With RTE’s 2012 Irish Sports Person of the Year award hovering into view in the next couple of weeks, it seems Katie Taylor is many people’s favourite to take home the prize. Even if it has been a 12 month spell which has seen so much notable achievement by Irish competitors in all types of codes, the boxer from Bray still seems to be something of a shoe-in. As fantastic an athlete as she has proven to be since emerging on the world stage, this would be a bit of a travesty. Even if Taylor deserves and has received plenty of acclaim at home and abroad this past few months, this is not an award she should be winning this year.
There seems to be a conspiracy of silence in Ireland about a rather large elephant in the room. At the Olympics, Taylor fought three times to win gold. Three times! Now, those of us who have never stepped through the ropes and put our bodies in the line of fire may have a bit of a cheek to say this but, it’s still worth saying. She won three fights to win a very soft medal. Again, that word soft may offend many but you know what I mean. This was hardly the most keenly-contested discipline in the London Games, was it? What does it say when at the biggest tournament in its short history as a women’s sport, you get a bye in the first round?
I know Taylor put years into preparing for what happened last August. I appreciate that. I also admire wholeheartedly the way she has bravely worn her religious beliefs on her sleeve and conducted herself with so much class. She is a great role model for young people and living proof of what can be achieved with determination and dedication. Indeed, she is such a great story that it’s not surprising that there is talk of a movie being made about her life. As Clint Eastwood will testify and as somebody like Saoirse Ronan (the bookies’ favourite to play her) may discover, female boxing is box office gold in Hollywood.
That’s all very well but how can Taylor win this award when an Irishman is currently the number one player in golf. Not only is he the world number one (a boast that has been devalued a tad by majorless Englishmen in the past few years), he has just come to the end of a three and a half month stretch during which he has dominated the sport completely. His peers are running out of superlatives to describe the stuff he’s been doing on the course although one particular competitor came up with the perfect description for his form.
“Rory is playing like Tiger did in his young days,” said South African Charl Schwartzel who finished third behind the victorious Mcllroy at the DP World Tour Championship in Dubai a few weeks back, “and it’s amazing to see.”
Counting last December’s victory in the Hong Kong Open, Mcllroy has won six tournaments in 12 calendar months. In the middle of the run, he rattled off one of the most impressive victories at a major since, well, since his first major at the US Open in 2011. On its own, his win at Kiawah Island in August should have been enough to make him sports star of the year in Ireland. Remember, the USPGA is the major which boasts the best field of the big four so Mcllroy had to go out and beat more than 140 of his peers over the course of four days. And he did this by eight strokes in the end.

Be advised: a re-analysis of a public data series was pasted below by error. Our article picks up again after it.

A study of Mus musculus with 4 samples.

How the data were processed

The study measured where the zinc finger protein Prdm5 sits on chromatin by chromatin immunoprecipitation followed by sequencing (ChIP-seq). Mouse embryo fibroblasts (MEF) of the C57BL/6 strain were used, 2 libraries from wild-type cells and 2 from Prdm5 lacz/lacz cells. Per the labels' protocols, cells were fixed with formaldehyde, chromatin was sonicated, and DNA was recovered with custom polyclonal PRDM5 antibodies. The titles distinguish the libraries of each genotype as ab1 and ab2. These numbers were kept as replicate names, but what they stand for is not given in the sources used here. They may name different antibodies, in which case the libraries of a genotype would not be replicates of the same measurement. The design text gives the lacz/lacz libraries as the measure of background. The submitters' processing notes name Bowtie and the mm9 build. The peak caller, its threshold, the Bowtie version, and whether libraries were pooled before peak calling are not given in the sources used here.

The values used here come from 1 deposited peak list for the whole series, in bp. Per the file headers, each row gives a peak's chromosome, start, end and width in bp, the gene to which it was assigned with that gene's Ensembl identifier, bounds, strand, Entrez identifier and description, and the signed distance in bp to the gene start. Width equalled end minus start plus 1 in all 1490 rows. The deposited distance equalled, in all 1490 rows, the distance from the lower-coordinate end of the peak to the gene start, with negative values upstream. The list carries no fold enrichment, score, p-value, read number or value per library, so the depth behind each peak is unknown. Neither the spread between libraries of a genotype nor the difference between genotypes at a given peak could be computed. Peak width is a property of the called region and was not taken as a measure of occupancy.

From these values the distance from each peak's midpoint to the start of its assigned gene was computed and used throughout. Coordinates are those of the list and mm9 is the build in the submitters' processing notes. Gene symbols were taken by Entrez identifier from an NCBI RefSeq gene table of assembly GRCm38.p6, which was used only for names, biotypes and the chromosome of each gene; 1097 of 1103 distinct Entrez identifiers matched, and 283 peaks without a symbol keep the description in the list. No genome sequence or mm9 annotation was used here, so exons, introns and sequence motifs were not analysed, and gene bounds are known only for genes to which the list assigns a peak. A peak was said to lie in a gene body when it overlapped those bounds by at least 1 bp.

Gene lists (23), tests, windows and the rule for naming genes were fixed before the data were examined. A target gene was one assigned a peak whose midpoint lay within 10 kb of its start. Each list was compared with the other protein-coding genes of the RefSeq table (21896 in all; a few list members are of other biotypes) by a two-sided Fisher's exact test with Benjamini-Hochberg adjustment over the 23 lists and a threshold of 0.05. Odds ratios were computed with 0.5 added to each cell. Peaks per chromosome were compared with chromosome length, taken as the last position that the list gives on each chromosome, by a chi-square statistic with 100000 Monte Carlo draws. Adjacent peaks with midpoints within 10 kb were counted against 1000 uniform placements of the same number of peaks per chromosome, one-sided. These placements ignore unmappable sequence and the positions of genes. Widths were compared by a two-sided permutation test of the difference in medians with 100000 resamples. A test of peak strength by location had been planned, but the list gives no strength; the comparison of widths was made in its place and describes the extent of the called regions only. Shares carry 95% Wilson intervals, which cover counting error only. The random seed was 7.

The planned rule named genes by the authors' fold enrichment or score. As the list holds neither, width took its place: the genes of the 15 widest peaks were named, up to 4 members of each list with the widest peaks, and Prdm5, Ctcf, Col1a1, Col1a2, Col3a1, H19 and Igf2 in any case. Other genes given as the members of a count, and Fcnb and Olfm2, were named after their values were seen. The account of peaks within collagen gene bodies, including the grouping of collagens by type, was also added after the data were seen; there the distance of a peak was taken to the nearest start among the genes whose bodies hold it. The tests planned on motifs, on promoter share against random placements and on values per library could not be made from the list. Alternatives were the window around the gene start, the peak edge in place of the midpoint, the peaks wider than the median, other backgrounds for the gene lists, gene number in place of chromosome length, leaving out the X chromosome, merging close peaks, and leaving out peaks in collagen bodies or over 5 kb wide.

In contrast, Taylor fought three times in London and the third victory wasn’t, ahem, exactly clear-cut as the Russian can rightly claim to have been the victim of some rather weird judging. Not to mention too there were only nine other fighters in the lightweight category at the Excel Arena in the first place.
This isn’t an attempt to put Taylor down. It’s just an attempt to put her achievement in context. She won a gold medal in a sport with not enough competitors to have a fully-populated first round. Mcllroy is currently sitting astride one of the most popular sports in the world and evincing the kind of form that is causing serious pundits to talk about him having the potential to be one of the best ever. Taylor was in the first wave of female boxers. Nothing she did in London suggests she’ll end up in the pantheon of the greats.
As we’re on the subject of greatness, there’s also a case to be made for Henry Shefflin receiving the award in recognition of winning his ninth All-Ireland medal. Again, the argument in his favour is that he played a crucial role in the winning of all nine of those titles and breaking the record of Christy Ring and John Doyle is truly historic stuff. He won this award back in 2006 but, if anything, his claims for the trophy this time around are even more compelling. Or at least they would be if Mcllroy wasn’t ripping golf’s record book apart after a season some in American golf regard as one of the greatest in the history of the game.
It needs to be pointed out that this end of year prize stuff shouldn’t be taken too seriously. What is good fireside chatter for the rest of us tends not to matter too much to the athletes themselves. They are too concerned with winning the serious prizes in their chosen fields to worry overmuch about an RTE award at Christmas. However, scanning the list of probables in contention to be crowned Ireland’s sportsperson of the year, we are happy enough about one thing. At least the winner of the Irish version will not be somebody later discovered to be on steroids. The same can’t be said for some of the supposedly cleaner than clean champions on the BBC’s shortlist.